Walking my dog early Thursday afternoon, I passed my neighbor’s lawn, noticing a black ball of feathers and a beak, motionless in the grass. Holding back Annie with a significant prey drive for birds, I slowly approached and bent down to see. It was a fledgling grackle. I expected him to fly away instinctively but instead, he (or she, I will continue with “he” after this) looked at me and remained still. I carefully cupped him in my hands. To my surprise, he proceeded to hop onto my arm. I immediately noticed one eye was completely shut (or perhaps he was born without it, as there appeared to be no trauma or noticeable crusting). It did not cause me worry, as birds can survive missing one. I was concerned how “friendly” he was though, since even young birds will show fear with humans and a dog, and fly away. He did not struggle to get away however, meaning he was not well.
His mother appeared in a tree about twenty feet from me, calling with panic in her voice – understandably so. I set the bird down, assured the protective mother was there to take care of him. The fledgling had other ideas. He clung to my fingers stubbornly, despite attempts to put him on bush branches. Eventually, I forced him off and onto the grass, near the bush where he could hide.
After finishing the walk, I wrote a note to the neighbor, telling her about the bird, and put it on her door. Between the two of us, we kept an eye on him. I debated about taking him to a wildlife center. It is often best to let parents do their job and sometimes, to let nature take its place. Maybe he was meant to die.
That same evening, turning the corner of my street, my headlights revealed his huddled black form in the road. Immediately, I stopped. When I picked him up, he was significantly weaker than he had been earlier in the day. No parent came around, only a disgruntled robin zipped by and a chirping sparrow pair sat in the bushes. I decided it was time to help him out.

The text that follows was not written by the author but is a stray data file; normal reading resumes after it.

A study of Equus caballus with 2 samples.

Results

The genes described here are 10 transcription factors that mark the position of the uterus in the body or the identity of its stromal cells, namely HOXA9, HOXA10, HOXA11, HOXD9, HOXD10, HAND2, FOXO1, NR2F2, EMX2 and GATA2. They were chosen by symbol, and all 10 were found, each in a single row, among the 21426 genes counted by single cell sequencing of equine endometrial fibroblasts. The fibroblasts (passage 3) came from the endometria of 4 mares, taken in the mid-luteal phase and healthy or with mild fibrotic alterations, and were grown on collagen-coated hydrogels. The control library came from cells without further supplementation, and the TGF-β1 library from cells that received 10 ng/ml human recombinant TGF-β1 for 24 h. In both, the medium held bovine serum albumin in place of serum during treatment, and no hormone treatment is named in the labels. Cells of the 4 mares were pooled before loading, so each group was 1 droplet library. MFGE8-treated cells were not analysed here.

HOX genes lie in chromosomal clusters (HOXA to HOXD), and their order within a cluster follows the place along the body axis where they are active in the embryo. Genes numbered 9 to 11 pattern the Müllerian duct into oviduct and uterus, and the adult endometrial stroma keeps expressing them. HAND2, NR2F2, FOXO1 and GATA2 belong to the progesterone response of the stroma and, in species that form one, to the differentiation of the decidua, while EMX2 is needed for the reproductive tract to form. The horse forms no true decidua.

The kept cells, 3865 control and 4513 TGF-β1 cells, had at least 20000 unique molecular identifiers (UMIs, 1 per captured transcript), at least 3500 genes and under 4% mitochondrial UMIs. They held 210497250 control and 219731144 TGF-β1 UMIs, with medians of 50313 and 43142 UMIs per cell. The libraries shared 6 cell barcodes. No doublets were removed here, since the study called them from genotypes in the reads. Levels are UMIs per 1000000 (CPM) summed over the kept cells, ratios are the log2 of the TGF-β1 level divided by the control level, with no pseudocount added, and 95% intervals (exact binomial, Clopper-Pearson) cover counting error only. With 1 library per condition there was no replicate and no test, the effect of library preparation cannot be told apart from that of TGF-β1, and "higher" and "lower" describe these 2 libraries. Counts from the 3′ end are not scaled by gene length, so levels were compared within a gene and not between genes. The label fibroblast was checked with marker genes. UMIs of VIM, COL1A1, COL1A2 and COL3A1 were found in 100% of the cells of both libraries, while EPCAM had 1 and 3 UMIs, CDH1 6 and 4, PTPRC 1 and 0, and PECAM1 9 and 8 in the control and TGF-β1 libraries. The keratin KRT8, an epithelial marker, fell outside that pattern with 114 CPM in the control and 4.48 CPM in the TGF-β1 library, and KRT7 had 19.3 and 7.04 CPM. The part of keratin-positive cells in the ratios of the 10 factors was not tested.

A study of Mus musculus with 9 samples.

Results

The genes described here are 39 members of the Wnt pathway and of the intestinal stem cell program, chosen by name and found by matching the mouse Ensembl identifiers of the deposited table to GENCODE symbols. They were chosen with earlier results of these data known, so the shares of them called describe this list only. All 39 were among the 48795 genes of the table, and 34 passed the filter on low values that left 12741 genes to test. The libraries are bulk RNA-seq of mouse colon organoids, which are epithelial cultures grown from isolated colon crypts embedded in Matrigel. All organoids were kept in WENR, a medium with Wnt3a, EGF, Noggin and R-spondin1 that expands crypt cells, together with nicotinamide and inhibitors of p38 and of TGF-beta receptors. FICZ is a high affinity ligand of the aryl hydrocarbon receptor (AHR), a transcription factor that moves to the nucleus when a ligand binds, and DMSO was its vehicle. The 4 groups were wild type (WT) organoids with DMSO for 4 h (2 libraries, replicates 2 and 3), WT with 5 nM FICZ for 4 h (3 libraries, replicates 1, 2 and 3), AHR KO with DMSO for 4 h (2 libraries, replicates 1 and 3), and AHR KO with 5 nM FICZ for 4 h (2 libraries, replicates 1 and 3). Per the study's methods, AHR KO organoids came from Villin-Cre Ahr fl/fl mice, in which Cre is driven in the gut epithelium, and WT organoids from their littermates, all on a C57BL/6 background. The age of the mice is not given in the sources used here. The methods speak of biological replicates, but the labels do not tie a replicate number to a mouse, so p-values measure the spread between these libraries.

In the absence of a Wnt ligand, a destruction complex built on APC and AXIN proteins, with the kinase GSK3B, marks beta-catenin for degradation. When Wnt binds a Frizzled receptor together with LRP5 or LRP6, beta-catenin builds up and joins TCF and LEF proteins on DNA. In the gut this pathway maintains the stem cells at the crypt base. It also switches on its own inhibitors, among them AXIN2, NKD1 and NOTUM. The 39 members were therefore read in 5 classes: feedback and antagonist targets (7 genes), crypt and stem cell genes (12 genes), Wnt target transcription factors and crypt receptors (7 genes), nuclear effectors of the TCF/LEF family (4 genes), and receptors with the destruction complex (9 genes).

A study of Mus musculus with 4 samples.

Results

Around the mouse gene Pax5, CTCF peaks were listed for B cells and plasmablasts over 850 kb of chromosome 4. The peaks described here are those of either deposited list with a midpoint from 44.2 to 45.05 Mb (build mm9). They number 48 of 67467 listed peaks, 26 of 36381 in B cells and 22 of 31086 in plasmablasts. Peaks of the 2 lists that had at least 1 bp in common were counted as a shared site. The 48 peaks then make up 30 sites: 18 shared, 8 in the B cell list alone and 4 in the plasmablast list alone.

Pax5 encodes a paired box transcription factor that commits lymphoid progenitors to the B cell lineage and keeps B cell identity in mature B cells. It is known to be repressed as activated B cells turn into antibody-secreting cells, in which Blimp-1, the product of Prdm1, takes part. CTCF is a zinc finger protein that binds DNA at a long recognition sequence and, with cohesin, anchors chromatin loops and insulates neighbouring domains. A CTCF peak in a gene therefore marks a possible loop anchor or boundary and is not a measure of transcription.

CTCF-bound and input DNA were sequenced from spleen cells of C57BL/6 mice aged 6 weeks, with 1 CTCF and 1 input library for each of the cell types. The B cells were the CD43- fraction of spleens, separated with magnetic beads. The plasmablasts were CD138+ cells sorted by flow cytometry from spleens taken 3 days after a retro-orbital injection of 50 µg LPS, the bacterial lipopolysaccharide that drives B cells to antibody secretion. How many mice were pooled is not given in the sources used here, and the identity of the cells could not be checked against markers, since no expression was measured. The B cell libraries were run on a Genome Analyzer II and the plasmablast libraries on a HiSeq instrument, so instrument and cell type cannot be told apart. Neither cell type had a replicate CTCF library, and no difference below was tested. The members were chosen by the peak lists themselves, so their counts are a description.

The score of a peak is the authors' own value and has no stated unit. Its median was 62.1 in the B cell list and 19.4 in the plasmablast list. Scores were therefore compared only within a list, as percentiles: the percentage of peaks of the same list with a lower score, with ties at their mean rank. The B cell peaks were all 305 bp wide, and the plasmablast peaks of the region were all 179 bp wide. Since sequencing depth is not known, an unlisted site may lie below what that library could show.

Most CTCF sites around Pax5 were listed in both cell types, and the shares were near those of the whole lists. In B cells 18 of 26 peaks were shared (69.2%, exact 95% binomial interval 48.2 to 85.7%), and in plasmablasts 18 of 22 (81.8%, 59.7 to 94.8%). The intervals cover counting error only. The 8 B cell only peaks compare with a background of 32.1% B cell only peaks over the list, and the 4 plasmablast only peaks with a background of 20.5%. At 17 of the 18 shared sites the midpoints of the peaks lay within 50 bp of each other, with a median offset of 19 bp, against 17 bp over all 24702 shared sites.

I took him home and set him in a cage for the night. I expected he would be dead by morning but at least he would not die by car or wild animal. When I uncovered the blankets around sunrise, he was, much to my great surprise, alive. He even had strength to do a grackle squawk and ask for food. He refused to eat but at least there was hope now. The wildlife center did not open for another hour so I sat with him. It is then that I did these sketches.
I am not sure if he made it but I will let you know. I know he is in good hands at his temporary home. From the spunk he showed that morning, he had fight in him (I know he looks very sick in the one sketch, and he was sneezing, but his sitting moments were much easier to draw). Thanks to my neighbor, Trish, and the Wisconsin Humane Society Wildlife Rehabilitation Center he has a chance.
The Wisconsin Humane Society Wildlife Rehabilitation Center link is a wonderful resource on advice for helping wild animals and info on successful rescues:
Here are pictures I took of him that same morning of his more lively moments (it is his good side with the working eye).